Starting Your Business and Becoming Self-Employed – The Emotional Side

When you’ve been used to clocking in at 9 and out at 5, becoming self-employed is a life-changing experience. Make it as easy for yourself as possible.

There are all sorts of practical considerations when you become your own boss, such as the bank account and the bookkeeping, the suppliers and the customers, but as well as those need time to think about the often forgotten but just as important emotional aspects of self-employment.

You’ve decided you’re going to work for yourself, but until your business gets up and running you may find yourself somewhat isolated. As appealing as working from home in your dressing-gown and slippers may sound, it’s very easy to be all-consumed by work. It’s easy to forget that when you’re working for someone else there’s a social side to the workplace – the water-cooler chats, quick drinks after work and bites of lunch with colleagues. You do have to be focused to make your business a success but all work and no play makes Jack a dull boy, so build a network of people in a similar position to you and talk to them occasionally, tweet them every so often, meet up after work.

When it’s your money and your reputation that’s at stake it’s also all too easy to become completely obsessed. As clich├ęd as it can sound, keeping a balance between your business and your family will be better in the long run for everyone and for the business. Learning to switch off is a must. Don’t allow family and friends to become neglected. It’s also good to remember that social meetings don’t have to be wasteful because anyone and everyone can be a prospective client, customer or a help in some way to your new venture.

On the other hand, you can’t take self-employment for granted. Especially at the start, it can be all too easy to get distracted by the idea of flexible working hours and taking time off when you like. Be disciplined and build yourself a working structure. Make sure that everyone knows when you’re working and that they don’t interrupt. If you’re working from home, have rules about people popping in for a cup of coffee and make sure the children respect your working space as out of bounds during the working day. And don’t be distracted by the fridge or decide to do the ironing when you’ve got a deadline to meet.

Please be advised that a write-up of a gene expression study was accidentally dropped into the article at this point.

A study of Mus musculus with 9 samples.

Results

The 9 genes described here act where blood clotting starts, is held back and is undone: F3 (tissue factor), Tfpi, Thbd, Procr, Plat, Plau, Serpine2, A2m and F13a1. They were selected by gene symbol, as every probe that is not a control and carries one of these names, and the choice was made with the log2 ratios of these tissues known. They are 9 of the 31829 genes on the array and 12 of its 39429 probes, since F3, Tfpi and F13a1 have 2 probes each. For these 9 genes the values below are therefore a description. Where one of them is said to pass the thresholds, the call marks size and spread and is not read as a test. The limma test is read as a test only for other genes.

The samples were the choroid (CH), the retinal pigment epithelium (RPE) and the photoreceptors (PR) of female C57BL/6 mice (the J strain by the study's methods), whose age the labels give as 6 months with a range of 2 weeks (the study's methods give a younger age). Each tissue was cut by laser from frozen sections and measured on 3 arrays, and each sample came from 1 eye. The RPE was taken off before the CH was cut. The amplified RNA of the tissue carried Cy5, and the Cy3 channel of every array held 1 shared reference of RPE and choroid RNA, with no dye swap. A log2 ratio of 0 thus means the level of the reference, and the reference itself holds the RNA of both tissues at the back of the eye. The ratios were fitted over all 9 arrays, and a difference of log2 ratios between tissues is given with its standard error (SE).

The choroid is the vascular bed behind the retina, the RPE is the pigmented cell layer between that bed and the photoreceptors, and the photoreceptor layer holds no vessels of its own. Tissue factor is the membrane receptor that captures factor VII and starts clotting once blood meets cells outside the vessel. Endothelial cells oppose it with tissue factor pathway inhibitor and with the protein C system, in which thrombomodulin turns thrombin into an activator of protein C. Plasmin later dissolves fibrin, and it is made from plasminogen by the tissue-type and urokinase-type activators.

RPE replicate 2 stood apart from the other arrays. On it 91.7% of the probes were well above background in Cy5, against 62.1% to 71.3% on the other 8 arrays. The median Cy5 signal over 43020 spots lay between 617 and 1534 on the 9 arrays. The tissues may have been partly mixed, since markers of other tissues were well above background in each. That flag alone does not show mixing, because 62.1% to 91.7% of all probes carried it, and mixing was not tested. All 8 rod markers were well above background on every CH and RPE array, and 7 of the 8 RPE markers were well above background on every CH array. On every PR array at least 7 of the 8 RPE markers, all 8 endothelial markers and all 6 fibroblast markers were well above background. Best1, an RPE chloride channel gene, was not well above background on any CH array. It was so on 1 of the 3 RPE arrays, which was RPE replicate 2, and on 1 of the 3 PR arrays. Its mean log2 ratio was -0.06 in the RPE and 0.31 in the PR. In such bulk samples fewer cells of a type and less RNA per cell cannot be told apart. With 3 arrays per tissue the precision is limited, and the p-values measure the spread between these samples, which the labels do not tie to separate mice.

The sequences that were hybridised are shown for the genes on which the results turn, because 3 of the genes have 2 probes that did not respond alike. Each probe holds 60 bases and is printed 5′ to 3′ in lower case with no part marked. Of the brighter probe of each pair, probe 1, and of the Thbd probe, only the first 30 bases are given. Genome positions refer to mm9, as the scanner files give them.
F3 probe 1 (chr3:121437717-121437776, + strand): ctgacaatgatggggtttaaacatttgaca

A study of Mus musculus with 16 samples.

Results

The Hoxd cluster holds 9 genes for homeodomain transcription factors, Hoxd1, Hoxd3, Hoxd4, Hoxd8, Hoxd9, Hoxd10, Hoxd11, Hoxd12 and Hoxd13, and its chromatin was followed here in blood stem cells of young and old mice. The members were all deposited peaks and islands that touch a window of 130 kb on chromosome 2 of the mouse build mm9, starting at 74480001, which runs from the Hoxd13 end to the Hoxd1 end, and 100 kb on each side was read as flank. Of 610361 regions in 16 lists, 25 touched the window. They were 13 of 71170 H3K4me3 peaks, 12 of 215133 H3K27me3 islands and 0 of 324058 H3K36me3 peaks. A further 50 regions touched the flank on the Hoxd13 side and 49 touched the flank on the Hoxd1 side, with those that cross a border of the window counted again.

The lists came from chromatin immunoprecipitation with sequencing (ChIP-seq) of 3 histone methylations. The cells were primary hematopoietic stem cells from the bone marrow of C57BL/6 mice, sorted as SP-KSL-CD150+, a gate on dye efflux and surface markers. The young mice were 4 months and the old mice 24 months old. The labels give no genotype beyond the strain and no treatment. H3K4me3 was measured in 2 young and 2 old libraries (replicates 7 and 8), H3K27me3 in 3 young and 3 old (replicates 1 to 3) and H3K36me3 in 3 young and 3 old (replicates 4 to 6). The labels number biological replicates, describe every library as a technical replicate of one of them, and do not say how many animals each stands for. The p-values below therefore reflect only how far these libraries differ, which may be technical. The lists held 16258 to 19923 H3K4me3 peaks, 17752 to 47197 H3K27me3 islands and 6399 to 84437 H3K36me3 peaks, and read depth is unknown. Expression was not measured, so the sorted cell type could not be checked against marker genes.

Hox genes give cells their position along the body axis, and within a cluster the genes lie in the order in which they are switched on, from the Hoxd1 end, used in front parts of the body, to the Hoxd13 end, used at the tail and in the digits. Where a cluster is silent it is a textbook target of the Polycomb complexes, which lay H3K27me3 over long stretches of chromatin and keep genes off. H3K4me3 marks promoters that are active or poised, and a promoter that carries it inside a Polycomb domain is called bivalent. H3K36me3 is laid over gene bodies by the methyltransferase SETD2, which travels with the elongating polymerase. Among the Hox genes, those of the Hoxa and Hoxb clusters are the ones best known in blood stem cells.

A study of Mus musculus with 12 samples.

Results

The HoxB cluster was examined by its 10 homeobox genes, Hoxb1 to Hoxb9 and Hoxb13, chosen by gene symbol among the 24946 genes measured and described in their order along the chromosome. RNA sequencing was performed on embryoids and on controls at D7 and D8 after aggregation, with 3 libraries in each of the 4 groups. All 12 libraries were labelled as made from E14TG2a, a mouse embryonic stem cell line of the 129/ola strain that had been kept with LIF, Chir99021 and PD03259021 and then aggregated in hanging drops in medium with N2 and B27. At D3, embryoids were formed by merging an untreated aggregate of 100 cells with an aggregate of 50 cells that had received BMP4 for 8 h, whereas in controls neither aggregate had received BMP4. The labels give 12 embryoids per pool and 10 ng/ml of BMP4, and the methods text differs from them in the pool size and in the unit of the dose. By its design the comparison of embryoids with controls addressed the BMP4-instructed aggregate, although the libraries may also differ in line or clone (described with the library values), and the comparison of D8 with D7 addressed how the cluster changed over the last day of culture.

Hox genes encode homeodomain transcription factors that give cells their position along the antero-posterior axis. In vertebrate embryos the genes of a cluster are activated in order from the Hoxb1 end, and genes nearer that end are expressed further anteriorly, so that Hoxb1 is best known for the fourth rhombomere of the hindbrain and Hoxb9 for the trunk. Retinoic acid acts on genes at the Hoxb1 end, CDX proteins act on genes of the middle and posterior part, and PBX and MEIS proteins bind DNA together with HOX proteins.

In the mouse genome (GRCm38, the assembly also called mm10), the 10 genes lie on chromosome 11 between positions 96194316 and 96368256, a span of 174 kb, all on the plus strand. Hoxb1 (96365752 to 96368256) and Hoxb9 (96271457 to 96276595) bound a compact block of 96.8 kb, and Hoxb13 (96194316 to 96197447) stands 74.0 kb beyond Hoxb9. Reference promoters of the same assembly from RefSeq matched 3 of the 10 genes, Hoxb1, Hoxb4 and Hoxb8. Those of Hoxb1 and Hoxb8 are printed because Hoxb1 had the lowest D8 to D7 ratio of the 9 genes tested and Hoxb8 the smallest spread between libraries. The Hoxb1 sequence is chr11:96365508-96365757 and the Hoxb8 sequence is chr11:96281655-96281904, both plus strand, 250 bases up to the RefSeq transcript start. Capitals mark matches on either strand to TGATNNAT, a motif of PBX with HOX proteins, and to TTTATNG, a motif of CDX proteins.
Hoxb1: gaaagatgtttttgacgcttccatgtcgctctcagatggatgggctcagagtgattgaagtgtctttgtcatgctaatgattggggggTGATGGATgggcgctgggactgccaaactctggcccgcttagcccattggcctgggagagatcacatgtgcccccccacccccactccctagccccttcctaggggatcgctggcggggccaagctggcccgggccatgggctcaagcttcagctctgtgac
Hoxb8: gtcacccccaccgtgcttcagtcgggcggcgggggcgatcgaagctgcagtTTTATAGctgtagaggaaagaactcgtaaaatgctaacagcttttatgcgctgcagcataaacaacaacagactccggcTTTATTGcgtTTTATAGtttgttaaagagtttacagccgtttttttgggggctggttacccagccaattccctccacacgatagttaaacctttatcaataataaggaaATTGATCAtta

Stick to your goals and be determined in what you want to achieve. Remind yourself of those aims and goals by reading through your business plan when you feel less positive or passionate about your venture. This will help to see you through some of the long days and keep a much needed light at the end of the tunnel.

One of the best uses of your time will be time spent working out who would be a suitable person to have as a mentor. This doesn’t have to be a professional person, but someone you trust who helps you think everything through – a sounding-board for your ideas and woes. Your mentor doesn’t have to know much about your business but be someone who will ask questions and help you figure out for yourself the solutions you’re looking for. Call it ‘venting’, ‘unloading’ or ‘casual chatting’, talking to a mentor will help you feel secure about your ideas and decisions and let you unpack and offload the barrage of information swirling round in your head.

It can be really hard to go without when you’re trying to put every available penny into the business. You can’t afford to take a lot of money out of a business at the start and probably for the first few years. Everyone around you has to realise that too and back you. No new houses or cars until the business is on a stable financial footing. Allow yourself a little treat every now and then or you could lose the will to keep going, but dream of the luxuries further down the line when your business is a success.